Warren Buffett is no longer a scofflaw when it comes to arcane Texas rules regarding who can own an automobile dealership in the state.
This story by Bob Sechler originally appeared in The Statesman.
Gov. Greg Abbott signed a bill this week that provides a loophole for the billionaire’s holding company – Berkshire Hathaway – to continue owning its more than two dozen Texas car dealerships while also owning an Indiana manufacturer of RVs, bringing an end to a two-year-old legal fight with Texas regulators.
State law has prohibited motor vehicle manufacturers from owning stakes in dealerships, even if the vehicles aren’t of the same type, prompting the Texas Department of Motor Vehicles to initiate enforcement actions against Berkshire Hathaway in 2017 and to move to revoke its dealership licenses. Berkshire Hathaway, based in Omaha, Neb., went into the automobile retailing business in 2015, when it paid $4.1 billion for privately held Van Tuyl Group and renamed it Berkshire Hathaway Automotive.
Under the measure signed by Abbott – Senate Bill 1415, which takes effect Sept. 1 – manufacturers are only prohibited from owning stakes in dealerships that sell the same vehicles they produce. The change means Berkshire Hathaway’s RV company will no longer put it at odds with the Texas dealership regulations, because Berkshire’s dealerships don’t sell RVs.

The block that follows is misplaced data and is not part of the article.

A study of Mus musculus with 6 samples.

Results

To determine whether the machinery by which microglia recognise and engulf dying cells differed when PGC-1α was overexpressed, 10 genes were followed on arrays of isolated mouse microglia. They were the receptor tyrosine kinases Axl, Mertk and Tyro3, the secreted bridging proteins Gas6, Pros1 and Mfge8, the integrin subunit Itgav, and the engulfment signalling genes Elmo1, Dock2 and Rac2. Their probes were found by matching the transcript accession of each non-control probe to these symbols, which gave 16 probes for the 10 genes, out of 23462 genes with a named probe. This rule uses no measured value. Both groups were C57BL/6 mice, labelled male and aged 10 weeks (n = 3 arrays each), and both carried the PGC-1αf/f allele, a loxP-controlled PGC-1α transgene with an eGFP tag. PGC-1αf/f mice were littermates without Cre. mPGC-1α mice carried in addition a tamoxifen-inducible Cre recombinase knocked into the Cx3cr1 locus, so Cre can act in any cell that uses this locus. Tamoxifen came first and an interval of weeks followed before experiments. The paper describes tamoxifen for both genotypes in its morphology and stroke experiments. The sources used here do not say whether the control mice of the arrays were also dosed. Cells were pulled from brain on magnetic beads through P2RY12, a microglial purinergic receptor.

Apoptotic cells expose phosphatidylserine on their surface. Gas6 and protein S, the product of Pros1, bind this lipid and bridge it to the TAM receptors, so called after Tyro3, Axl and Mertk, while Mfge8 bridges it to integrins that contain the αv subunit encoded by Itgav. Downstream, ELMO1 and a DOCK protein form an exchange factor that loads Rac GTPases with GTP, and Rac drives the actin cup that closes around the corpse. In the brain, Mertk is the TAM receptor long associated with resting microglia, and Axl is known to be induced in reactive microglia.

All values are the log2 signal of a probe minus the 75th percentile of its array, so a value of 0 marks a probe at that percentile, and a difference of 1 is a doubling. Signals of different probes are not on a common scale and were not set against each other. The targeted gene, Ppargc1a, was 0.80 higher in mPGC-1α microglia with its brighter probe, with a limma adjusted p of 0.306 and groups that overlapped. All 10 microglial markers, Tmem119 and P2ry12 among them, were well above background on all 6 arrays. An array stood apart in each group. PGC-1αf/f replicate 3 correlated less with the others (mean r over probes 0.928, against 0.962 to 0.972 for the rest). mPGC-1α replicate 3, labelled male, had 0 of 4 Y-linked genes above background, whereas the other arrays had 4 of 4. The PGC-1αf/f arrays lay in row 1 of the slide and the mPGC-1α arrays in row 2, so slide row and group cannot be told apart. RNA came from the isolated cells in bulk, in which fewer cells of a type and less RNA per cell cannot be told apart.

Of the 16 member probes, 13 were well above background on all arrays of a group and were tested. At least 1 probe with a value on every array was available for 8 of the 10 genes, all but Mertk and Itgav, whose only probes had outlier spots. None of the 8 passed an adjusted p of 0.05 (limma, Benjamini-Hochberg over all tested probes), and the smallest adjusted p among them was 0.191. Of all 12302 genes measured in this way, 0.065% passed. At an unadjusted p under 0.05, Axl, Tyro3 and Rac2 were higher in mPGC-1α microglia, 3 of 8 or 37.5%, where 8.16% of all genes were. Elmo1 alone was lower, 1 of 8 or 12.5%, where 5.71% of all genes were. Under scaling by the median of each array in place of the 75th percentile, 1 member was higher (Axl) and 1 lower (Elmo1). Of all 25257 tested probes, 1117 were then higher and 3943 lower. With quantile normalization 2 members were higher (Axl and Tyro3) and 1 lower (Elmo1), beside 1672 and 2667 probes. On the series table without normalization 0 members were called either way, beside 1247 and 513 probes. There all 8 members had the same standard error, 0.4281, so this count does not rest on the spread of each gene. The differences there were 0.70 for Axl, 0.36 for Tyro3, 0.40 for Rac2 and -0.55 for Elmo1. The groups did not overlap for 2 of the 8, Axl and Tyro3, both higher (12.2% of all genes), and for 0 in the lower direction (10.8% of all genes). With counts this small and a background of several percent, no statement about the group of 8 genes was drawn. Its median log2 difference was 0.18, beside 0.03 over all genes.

State Sen. Kelly Hancock, R-North Richland Hills, sponsored SB 1415 and called it “a small yet important step in the free market direction” in a written statement this week.
He and other proponents of the bill have disputed characterizations of it as a carve-out for Berkshire Hathaway, noting that any vehicle manufacturer in a similar situation will be covered by it. But Berkshire Hathaway appears to be the lone beneficiary at the moment. The measure would provide no relief to two other companies – Tesla Inc. and Cummins Inc. – that have chafed against the strict Texas dealership rules.